The last post was all about interesting attributes and intriguing stories about orchids. Now that your appetite is expanding for orchids, we ll teach you how to grow them! There are lots of interesting species orchids, but the easiest to grow are some of the new hybrids. Once you get your feet wet with the orchids described below, you can branch out into more interesting varieties. You will have the confidence and the green thumb to keep growing.
There are a lot of ways you can describe a Phalaenopsis orchid.Some people call them the Yews of Orchids. (Meaning, they are so common, like foundation plantings of yews, that they aren’t interesting.) Their common name is the Moth Orchid, because the flowers look like moths. These days, you can get these orchids at anywhere from Smith and Hawken to Home Depot. They come in every imaginable color. Here are the details you need to grow them.
Growing Medium: This depends a lot on your individual watering habits. If you tend to over-water, you will want to plant your orchid in medium sized bark. If you under-water, you can pot in moss, which retains moisture. Because the moth orchids are epiphytes (grow on trees), they do not like to sit in wet soil.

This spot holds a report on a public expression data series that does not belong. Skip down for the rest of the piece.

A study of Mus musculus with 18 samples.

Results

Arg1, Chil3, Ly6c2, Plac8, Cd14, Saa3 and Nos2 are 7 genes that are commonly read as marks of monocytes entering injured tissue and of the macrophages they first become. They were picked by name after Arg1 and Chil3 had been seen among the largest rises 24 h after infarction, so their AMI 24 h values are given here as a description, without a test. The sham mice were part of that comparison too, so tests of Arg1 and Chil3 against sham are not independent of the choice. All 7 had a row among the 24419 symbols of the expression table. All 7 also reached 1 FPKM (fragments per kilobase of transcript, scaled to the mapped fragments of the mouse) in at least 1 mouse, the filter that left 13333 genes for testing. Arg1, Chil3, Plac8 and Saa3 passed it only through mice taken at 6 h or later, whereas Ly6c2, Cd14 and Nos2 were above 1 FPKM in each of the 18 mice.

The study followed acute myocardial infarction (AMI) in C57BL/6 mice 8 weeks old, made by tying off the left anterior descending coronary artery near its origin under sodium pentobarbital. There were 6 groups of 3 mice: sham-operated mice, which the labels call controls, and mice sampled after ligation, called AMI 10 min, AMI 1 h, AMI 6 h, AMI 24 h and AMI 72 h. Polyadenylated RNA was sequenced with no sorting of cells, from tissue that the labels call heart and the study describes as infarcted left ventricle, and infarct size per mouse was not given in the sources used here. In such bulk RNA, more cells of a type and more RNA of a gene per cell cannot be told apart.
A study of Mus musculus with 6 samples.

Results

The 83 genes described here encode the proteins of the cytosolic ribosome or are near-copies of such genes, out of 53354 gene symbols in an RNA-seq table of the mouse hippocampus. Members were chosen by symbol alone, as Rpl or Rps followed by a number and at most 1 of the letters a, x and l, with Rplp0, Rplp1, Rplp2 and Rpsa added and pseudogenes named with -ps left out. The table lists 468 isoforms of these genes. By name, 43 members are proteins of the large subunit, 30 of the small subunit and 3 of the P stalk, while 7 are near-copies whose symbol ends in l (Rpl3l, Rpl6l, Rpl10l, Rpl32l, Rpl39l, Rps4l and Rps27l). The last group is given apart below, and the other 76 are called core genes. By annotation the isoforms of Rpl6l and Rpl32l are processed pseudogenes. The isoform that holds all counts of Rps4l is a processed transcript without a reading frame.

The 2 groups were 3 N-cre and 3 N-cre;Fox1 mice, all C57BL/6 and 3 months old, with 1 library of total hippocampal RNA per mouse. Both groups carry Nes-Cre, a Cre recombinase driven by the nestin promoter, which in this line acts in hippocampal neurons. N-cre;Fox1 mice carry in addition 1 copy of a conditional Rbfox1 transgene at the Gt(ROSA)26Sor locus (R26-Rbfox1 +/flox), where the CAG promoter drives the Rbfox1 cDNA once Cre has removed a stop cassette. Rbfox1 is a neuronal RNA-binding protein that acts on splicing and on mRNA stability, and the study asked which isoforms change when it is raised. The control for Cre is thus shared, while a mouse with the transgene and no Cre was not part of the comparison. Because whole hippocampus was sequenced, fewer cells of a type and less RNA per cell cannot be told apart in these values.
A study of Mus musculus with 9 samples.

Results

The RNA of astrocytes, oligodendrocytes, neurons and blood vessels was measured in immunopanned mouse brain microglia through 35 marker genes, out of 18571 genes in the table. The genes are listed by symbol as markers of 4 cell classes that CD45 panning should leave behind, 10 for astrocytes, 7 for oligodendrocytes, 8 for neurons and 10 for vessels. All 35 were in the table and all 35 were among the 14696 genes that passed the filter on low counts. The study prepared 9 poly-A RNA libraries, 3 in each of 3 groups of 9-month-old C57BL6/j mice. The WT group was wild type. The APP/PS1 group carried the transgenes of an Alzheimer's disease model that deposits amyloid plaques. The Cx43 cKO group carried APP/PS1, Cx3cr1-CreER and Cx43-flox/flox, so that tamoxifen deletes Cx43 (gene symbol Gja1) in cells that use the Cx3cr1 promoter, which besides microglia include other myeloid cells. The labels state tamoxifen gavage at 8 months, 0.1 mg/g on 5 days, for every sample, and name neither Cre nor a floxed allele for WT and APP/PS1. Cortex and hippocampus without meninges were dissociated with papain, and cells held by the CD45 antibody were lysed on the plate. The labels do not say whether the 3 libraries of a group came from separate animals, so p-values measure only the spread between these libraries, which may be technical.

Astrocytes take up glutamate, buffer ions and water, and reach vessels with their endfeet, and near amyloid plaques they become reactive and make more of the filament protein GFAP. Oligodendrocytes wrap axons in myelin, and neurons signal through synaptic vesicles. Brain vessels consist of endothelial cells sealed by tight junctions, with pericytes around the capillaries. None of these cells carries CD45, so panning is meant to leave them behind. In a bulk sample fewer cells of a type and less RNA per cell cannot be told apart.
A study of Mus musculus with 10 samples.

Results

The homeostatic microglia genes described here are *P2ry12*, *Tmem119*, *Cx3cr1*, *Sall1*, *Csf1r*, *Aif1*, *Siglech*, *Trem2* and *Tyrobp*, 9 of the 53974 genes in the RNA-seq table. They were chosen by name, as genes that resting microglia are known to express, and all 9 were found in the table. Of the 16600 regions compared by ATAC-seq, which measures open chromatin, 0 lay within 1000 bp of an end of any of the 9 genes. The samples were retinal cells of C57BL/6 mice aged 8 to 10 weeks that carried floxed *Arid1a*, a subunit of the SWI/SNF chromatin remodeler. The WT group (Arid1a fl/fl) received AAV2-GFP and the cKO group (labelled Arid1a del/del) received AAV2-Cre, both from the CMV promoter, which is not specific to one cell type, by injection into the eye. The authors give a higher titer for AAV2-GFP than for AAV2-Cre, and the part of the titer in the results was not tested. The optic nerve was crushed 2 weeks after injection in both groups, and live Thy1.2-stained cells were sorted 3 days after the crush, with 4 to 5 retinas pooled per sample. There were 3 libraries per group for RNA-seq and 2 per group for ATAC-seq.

Pruning: Does not need to be pruned frequently. You may prune off flower stalks that are completely brown, but leave stalks that are still green so that they my photosynthesize and feed the plant.
P.S. A shout-out to my Mother in Law, Susan, who wrote to me yesterday to inform me that her orchid that has been in bloom since MAY just started to go out of bloom. I think she has a Phalaenopsis. If you can beat that record, feel free to let me know by commenting here. Great Job Susan!
Orchids are such beautiful plants. Your article will undoubtedly encourage many to try growing them. They are really not deserving of their difficult to grow reputation. They just need proper conditions and care.